Talcum Powder Cancer Lawsuit

Baby Powder Attorneys Represent Women of Color in Cancer Cases

J&J Targeted Marketed at Overweight Women of Color in the South

Monday, April 15, 2019 - Disturbing information has become public knowledge thanks to the work of baby powder attorneys seeking to hold Johnson & Johnson accountable for ovarian cancer cases: For a number of years, the health giant specifically targeted women of color in its marketing for talc-based body powders.

According to the Executive Director of the National Council of Negro Women, Janice Mathis, targeted a particular racial or ethnic group is not the problematic element. Knowing your key demographics and targeting advertising effectively is marketing 101. The problem, according to Ms. Mathis, is targeting a particular group with advertising for a product believed to be harmful--without ever warning the population of the risk for harm.

Ms. Mathis was interviewed for the second of two major exposés published by Reuters in recent months which delve into talcum powder cancer litigation. Baby powder attorneys have already filed more than 12,000 cases nationwide on behalf of women who have suffered from ovarian cancer after using talcum powder products. While the first piece established a timeline for company executive's growing awareness of the talcum powder cancer connection and its subsequent strategy to maintain the reputation of Johnson's Baby Powder, the second piece solely examines the topic of targeted marketing.

Between 2008 and 2010, J&J engaged in a robust effort to build brand loyalty within African American and Latina women. Among these demographics, populations living in the American South, and women who were overweight or seeking to lose weight were targeted. Promoted as a freshening and anti-chafing product, talcum powder was touted as safe for everyday use.

The events leading up to J&J's focus on overweight women of color in the South are disturbing: In 2006, the International Agency for Research on Cancer (IARC), a division of the World Health Organization, officially classified perineal talc use as "possibly carcinogenic". (A key supplier of fresh talc, Luzenac America, added a note to its product label warning of the new cancer classification; Johnson & Johnson did not add a warning to its talc-based products.)

In response to declining sales following the 2006 announcement, J&J ramped up marketing efforts: Between 2009 and 2010 alone, the company's budget for talcum powder ads rose 71% (from $288k to $495k). Sales rose correspondingly at Walmart during the summer months.

These marketing efforts were very pointed. An internal company assessment noted that baby powder remained relevant among African American women, which led to a strategy to target promotions at minority women. In 2008, J&J reached out to marketing agencies that targeted African American and Latina women for proposals. Ultimately, the company hired Segmented Marketing Services, Inc., which specializes in marketing to minority populations. A strategy of engaging with women of color, mostly overweight and in the South, was carried out. This involved advertising through Weight Watchers diet programs, Curves fitness centers, Lane Bryant plus-sized clothing stores, and Southern Living Magazine.In 2010, multiple radio stations were engaged to promoted baby powder, including giving away samples at targeted events. Samples were also distributed in African American and Hispanic neighborhoods in Chicago, through an extensive network the agency maintained of churches, salons, and other gathering places. J&J spent $1.2 million in 2008 and again in 2010 in these promotions.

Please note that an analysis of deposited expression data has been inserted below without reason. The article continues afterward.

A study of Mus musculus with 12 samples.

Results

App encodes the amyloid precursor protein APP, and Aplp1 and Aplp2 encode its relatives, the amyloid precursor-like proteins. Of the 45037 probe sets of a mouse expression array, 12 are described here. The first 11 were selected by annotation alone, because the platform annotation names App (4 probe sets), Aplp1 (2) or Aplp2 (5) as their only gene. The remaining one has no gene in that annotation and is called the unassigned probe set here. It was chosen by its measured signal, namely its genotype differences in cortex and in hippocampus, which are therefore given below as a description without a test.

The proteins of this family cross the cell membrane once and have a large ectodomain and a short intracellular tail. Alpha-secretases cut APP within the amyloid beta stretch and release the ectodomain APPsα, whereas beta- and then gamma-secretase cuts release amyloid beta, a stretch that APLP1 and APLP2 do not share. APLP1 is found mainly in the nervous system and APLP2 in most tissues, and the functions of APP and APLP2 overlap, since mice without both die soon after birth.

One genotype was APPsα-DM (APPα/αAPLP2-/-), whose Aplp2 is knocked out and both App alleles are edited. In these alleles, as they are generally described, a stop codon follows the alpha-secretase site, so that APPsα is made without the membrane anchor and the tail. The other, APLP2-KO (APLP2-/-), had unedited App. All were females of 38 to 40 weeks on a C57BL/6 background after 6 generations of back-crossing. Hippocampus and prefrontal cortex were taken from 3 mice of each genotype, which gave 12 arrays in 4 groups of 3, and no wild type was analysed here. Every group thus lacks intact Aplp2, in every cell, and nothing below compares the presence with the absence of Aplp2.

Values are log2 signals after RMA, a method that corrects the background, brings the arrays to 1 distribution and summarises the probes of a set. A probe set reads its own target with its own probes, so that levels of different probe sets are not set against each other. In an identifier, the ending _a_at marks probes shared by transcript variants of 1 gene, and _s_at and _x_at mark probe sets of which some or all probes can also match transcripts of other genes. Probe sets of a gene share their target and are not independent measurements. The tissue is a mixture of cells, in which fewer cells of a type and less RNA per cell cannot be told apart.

In recent years, women across America have learned about the link between talcum powder and ovarian cancer. By 2015, J&J had backed down off its race-based advertising. Today, the company faces more than 12,000 lawsuits in courts across the nation. Baby powder attorneys say the majority of plaintiffs in these cases are women of color. If you or a loved one has been diagnosed with ovarian cancer and have a history of using baby powder for perineal dusting, you may qualify to file a claim. Attorneys for baby powder cases are offering free case reviews to women and family members who qualify.

Information provided by TalcumPowderCancerLawsuit.com, a website devoted to providing news about talcum powder ovarian cancer lawsuits, as well as medical research and findings.


OnderLaw, LLC is a St. Louis personal injury law firm handling serious injury and death claims across the country. Its mission is the pursuit of justice, no matter how complex the case or strenuous the effort. The Onder Law Firm has represented clients throughout the United States in pharmaceutical and medical device litigation such as Pradaxa, Lexapro and Yasmin/Yaz, where the firm's attorneys held significant leadership roles in the litigation, as well as Actos, DePuy, Risperdal and others. The firm has represented thousands of persons in these and other products liability litigation, including DePuy hip replacement systems, which settled for $2.5 billion and Pradaxa internal bleeding, which settled for $650 million. The Onder Law Firm won over $300 million in four talcum powder ovarian cancer lawsuits in St. Louis to date and other law firms throughout the nation often seek its experience and expertise on complex litigation.